Ikea is the largest—and likely also the most recognizable—furniture retailer in the world. Their stores/showrooms demonstrate how versatile and compatible their collections can be in a variety of furnishing environments. And that might serve to explain consumer love for the brand.
But with success comes many obstacles and for Ikea, one of the biggest obstacles is injuries resulting from their furniture. This week, Ikea has agreed to pay $46 million to the parents of a toddler who died after a dresser tipped onto him in 2017. The attorneys for these California parents of Jozef Dudek believe this may be the biggest wrongful death of a child settlements in US history.
That in mind, it is important to note the retailer recalled 17.3 million dressers in 2016. This includes the popular three-drawer Malm item that tipped over—and killed—2-year-old Jozef Dudek. The settlement from this case, alone, was actually close to three times more than what Ikea paid to settle other—similar—lawsuits in 2016: $50 million among three different families.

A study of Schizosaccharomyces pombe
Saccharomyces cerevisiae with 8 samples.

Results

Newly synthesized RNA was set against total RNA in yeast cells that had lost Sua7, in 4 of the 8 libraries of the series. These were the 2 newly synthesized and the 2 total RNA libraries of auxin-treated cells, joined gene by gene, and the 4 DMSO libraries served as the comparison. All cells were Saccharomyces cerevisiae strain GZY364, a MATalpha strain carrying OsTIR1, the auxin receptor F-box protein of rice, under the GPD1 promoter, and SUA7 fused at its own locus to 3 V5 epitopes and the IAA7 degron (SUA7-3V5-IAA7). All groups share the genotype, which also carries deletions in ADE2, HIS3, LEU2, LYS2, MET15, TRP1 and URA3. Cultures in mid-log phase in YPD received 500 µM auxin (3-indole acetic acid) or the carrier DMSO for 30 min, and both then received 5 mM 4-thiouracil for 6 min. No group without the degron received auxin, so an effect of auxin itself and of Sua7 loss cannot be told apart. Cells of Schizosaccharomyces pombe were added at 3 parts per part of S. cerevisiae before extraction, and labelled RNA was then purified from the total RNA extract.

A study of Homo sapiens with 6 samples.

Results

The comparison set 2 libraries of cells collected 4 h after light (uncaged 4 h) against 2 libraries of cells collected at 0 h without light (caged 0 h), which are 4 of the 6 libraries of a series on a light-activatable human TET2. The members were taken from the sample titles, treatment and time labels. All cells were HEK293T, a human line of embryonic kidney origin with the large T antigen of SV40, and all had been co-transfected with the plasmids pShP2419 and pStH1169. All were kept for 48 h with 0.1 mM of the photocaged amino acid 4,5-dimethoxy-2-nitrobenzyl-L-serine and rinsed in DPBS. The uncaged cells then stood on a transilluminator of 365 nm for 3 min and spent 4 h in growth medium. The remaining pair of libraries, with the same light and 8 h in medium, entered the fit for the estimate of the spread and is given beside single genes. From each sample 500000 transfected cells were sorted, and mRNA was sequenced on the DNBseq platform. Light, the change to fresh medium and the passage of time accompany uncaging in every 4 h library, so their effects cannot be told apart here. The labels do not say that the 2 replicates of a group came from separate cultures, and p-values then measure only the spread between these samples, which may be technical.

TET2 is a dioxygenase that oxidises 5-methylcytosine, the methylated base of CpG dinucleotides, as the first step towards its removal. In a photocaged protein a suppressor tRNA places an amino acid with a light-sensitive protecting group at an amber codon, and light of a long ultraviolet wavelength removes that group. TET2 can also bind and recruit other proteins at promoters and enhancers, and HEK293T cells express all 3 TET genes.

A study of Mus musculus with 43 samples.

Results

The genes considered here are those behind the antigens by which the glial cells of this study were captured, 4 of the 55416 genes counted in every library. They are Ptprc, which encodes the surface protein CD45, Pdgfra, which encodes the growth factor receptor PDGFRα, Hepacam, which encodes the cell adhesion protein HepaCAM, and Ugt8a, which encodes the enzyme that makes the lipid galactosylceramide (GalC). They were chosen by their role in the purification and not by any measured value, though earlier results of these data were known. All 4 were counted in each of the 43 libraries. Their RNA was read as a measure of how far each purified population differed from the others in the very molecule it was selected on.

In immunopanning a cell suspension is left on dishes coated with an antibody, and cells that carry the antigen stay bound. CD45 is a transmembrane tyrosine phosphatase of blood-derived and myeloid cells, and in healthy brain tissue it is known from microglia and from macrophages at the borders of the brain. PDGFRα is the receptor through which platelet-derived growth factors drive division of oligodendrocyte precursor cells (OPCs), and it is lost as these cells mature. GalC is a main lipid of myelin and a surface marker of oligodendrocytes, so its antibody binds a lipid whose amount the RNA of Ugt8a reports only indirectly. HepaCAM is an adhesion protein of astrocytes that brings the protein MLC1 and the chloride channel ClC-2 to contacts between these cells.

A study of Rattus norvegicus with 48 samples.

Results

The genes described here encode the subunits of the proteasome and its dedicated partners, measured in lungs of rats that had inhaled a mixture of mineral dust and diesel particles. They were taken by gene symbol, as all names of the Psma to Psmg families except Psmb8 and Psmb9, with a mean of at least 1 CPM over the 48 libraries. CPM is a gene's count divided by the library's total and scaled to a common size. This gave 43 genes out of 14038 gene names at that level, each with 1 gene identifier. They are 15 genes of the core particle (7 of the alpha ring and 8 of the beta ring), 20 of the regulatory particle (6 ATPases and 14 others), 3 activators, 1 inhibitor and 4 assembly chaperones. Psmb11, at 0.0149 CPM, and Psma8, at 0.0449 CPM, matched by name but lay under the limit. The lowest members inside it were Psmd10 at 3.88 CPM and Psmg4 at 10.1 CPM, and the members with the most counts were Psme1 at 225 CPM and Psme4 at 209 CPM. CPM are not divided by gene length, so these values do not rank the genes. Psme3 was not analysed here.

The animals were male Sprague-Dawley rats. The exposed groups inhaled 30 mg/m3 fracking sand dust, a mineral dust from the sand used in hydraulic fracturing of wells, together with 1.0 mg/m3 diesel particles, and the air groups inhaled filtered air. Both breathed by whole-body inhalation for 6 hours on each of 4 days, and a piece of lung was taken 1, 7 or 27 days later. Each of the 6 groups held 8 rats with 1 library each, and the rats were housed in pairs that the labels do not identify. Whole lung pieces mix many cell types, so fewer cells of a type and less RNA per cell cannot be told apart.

In a statement, the company has said, “While no settlement can alter the tragic events that brought us here, for the sake of the family and all involved, we’re grateful that this litigation has reached a resolution. We remain committed to working proactively and collaboratively to address this very important home safety issue. Again, we offer our deepest condolences.”
In all, Ikea dressers have been linked the unfortunate and untimely deaths of at least nine children; and at least a dozen injuries. If you are familiar with Ikea furniture—which often require bracing or anchoring to be stable—most of these accidents occurred when a child pulled on the drawers of the unit, causing it to fall forward.